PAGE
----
It’s one thing when there’s an awkward pause in a conversation. It’s another thing when your entire conversation is made up of awkward pauses, punctuated with the odd sentence.
Here’s David with the tale of one particularly agonising date, considering he’d travelled over 200 miles to meet Rebecca.
“We’d been chatting online, and by text, for a few months; finally I met Rebecca in person one Friday morning.
We chatted for a while: “I feel like I’m being interviewed”, she complained.
Later, we boarded a pleasure boat to Greenwich: “You look a little green and sweaty, are you feeling okay?” she asked.
I really wasn’t feeling good. I was regretting the dutch courage pints I’d enjoyed with an old friend the night before, and was wondering nervously where the toilets were.
After the boat trip, we wandered aimlessly as conversations started, stopped and dried up. We had a pub lunch; the chat picked up a little over a couple of glasses of white wine but soon felt awkward again as we cruised back along the river.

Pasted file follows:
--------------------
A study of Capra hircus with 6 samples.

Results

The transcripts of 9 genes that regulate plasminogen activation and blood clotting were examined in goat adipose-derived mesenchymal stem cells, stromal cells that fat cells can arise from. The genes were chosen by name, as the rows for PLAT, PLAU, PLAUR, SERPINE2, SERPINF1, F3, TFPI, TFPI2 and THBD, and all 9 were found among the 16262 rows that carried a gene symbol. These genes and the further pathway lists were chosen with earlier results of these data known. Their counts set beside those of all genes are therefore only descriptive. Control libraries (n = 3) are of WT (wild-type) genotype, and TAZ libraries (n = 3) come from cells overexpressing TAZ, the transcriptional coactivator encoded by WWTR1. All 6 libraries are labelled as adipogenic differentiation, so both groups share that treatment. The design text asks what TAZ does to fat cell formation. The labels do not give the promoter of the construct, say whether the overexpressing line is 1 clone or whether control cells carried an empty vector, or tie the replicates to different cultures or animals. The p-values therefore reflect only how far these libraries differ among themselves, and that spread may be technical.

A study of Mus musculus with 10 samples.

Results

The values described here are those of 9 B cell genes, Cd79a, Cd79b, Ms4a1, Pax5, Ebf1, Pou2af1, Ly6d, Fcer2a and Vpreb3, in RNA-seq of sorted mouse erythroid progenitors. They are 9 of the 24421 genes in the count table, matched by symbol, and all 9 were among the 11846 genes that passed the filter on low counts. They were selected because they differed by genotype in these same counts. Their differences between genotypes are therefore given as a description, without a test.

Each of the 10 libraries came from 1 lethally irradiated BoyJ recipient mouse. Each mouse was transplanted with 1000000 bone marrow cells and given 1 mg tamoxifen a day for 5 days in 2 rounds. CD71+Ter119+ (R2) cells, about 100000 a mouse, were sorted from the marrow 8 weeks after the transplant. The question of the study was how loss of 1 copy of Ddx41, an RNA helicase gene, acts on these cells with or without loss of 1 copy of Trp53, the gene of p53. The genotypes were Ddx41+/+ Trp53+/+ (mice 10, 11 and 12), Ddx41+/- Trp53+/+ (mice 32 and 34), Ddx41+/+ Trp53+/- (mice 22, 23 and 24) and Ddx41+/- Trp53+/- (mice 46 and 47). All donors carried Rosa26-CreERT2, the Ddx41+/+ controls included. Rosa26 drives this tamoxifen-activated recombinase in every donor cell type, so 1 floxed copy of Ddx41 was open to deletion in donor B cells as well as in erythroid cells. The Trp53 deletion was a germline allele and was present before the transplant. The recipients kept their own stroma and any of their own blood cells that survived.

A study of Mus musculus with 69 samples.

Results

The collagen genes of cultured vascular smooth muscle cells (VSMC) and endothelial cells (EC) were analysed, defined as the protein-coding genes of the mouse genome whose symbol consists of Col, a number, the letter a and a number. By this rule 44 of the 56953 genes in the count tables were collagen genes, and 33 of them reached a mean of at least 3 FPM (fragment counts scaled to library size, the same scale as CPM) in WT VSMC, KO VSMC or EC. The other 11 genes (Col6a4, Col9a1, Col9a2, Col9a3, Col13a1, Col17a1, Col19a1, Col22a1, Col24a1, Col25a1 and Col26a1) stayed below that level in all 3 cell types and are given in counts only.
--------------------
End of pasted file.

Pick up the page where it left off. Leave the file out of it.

All we needed was Simon & Garfunkel busking “The Sound Of Silence” beside us by the dirty old river; this was going to be no “Waterloo Sunset” moment.
“It’s at this point I normally ask dates, if they’d like to leave!” smiled Rebecca. I would have been happy to go home, but she continued: “Fancy a drink by the river anyway? Seems a shame not to when you’ve come such a long way.”
Rebecca seemed nice, but it all felt forced and very hard work on my part.
Really, I just wanted the date to end, but found myself replying “Sounds great!”. She’d probably just offered to go for a drink out of politeness and I’d agreed out of politeness too.
We drank two pints of bitter as the conversations started, stumbled and stuttered to a halt. I couldn’t think of anything else to say to this attractive, intelligent woman, in one of my favourite cities in the world.
There was just silence between us, in the noisiest pub in London.
“Same again?”, she finally said as she disappeared to the bar with her bag.
Fifteen minutes later, she still hadn’t returned.
She’d done a runner and who could blame her? I quietly sighed with relief and reached for a gasper to calm my nerves; inhaling deeply, I watched a grubby barge rumble by the window.
It had been a hard day, but at least we’d finally met. I contemplated a walk back down the river and a quiet read of the paper and a soothing pint at the pub by my hotel.
“Enjoying a crafty one, eh?”
She was back!
“Sorry about that, there was a problem with the beer, bet you thought I’d done a runner!”
I chuckled, and we finally began relaxing in each other’s company.
We had a few more pints and a late night cheeseburger; then we finally hugged goodbye and went our separate ways, knowing we’d never meet again.”